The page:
Ahmadinejad humiliated over vice president choice
Ali Akbar Dareini, Associated Press Writer – 25 mins ago
TEHRAN, Iran – Iran's supreme leader ordered the president, a close ally, to dismiss his controversial choice of a top deputy for making pro-Israeli remarks, the semiofficial media reported Wednesday, in a rare split among the country's top conservatives.
The order is a humiliating setback for Mahmoud Ahmadinejad who has strongly defended his decision to appoint Esfandiar Rahim Mashai, his son's father-in-law, as his first vice president.
Mashai angered hard-liners in 2008 when he said Iranians were "friends of all people in the world — even Israelis." Mashai was serving as vice president in charge of tourism and cultural heritage at the time. Iran has 12 vice presidents, but the first vice president is the most important because he leads Cabinet meetings in the absence of the president.
Ahmadinejad is already in a crisis over opposition claims he stole last month's presidential election from the pro-reform candidate Mir Hossein Mousavi. Supreme leader Ayatollah Ali Khamenei strongly backed Ahmadinejad, who is seen as his protege, in that dispute.
"The view of the exalted leader on the removal of Mashai from the post of vice president has been notified to Ahmadinejad in writing," the semiofficial Fars news agency reported Wednesday.
It was not immediately clear if Ahmadinejad would cave in to Khamenei's order, who has the final say on all state matters in Iran.
Ali Akbar Javanfekr, top media adviser to Ahmadinejad, said on Tuesday that the president won't change his mind over the controversy.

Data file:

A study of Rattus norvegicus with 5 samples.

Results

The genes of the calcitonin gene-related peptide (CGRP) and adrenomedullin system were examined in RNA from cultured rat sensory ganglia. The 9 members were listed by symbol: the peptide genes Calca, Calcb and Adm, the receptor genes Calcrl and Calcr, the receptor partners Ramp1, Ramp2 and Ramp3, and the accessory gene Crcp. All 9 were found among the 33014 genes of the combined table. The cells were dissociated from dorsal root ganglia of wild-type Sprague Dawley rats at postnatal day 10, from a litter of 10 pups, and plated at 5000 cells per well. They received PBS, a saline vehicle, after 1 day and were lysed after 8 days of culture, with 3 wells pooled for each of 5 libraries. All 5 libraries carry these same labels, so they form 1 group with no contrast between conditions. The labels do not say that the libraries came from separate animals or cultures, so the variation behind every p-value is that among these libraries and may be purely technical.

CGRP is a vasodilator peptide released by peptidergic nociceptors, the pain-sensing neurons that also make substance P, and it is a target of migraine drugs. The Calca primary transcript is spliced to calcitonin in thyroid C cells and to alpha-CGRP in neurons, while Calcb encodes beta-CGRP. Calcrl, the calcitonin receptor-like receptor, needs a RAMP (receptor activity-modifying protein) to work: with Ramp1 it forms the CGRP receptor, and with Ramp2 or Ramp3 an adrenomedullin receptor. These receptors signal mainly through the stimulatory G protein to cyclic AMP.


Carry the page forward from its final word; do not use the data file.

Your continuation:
"The president makes his decisions ... within the framework of his legal powers and on the basis of investigations carried out. Experience has proved that creating baseless controversies won't influence the president's decision," Javanfekr said in his blog. It was unclear if this was before or after the supreme leader's order.
The deputy speaker of the parliament, Mohammad Hasan Aboutorabi-Fard, meanwhile, said that Mashai's dismissal was a decision by the ruling system itself, according to the semiofficial ISNA news.
"Removing Mashai from key posts and the position of vice president is a strategic decision of the system ... Dismissal or resignation of Mashai needs to be announced by the president without any delay," ISNA quoted him as saying late Tuesday.
Pressure has been mounting on Ahmadinejad to remove Mashai from the top post immediately after he appointed the controversial figure to the post Friday.
But nearly the same time as Khamenei was issuing his order late Tuesday, Ahmadinejad vowed to keep Mashai as his first vice president.
"Mr. Mashai is a supporter of the position of the supreme leader and a pious, caring, honest and creative caretaker for Iran ... Why should he resign?" the official IRNA news agency quoted Ahmadinejad as saying late Tuesday. "Mashai has been appointed as first vice president and continues his activities in the government."
Iran's state television didn't report Ahmadinejad's comments supporting his deputy. A conservative Web site said TV officials had orders from higher officials not to do so.
Ahmadinejad's top adviser, Mojtaba Hashemi Samareh, insisted Tuesday that Mashai won't be removed.
"Mr. Mashai's appointment as fist vice president won't be reconsidered at all," ISNA quoted Samareh as saying Tuesday.
Mashai also angered many of Iran's top clerics in 2007 when he attended a ceremony in Turkey where women performed a traditional dance. Conservative interpretations of Islam prohibit women from dancing.
He ran into trouble again in 2008 when he hosted a ceremony in Tehran in which several women played tambourines and another one carried the Quran to a podium to recite verses from the Muslim holy book.
The criticism is a change of focus for hard-liners, who have spent the last few weeks lambasting Mousavi and his supporters for challenging the presidential election. On Saturday, hard-liners accused Rafsanjani of defying Khamenei by using his sermon to encourage opposition supporters to continue their protests.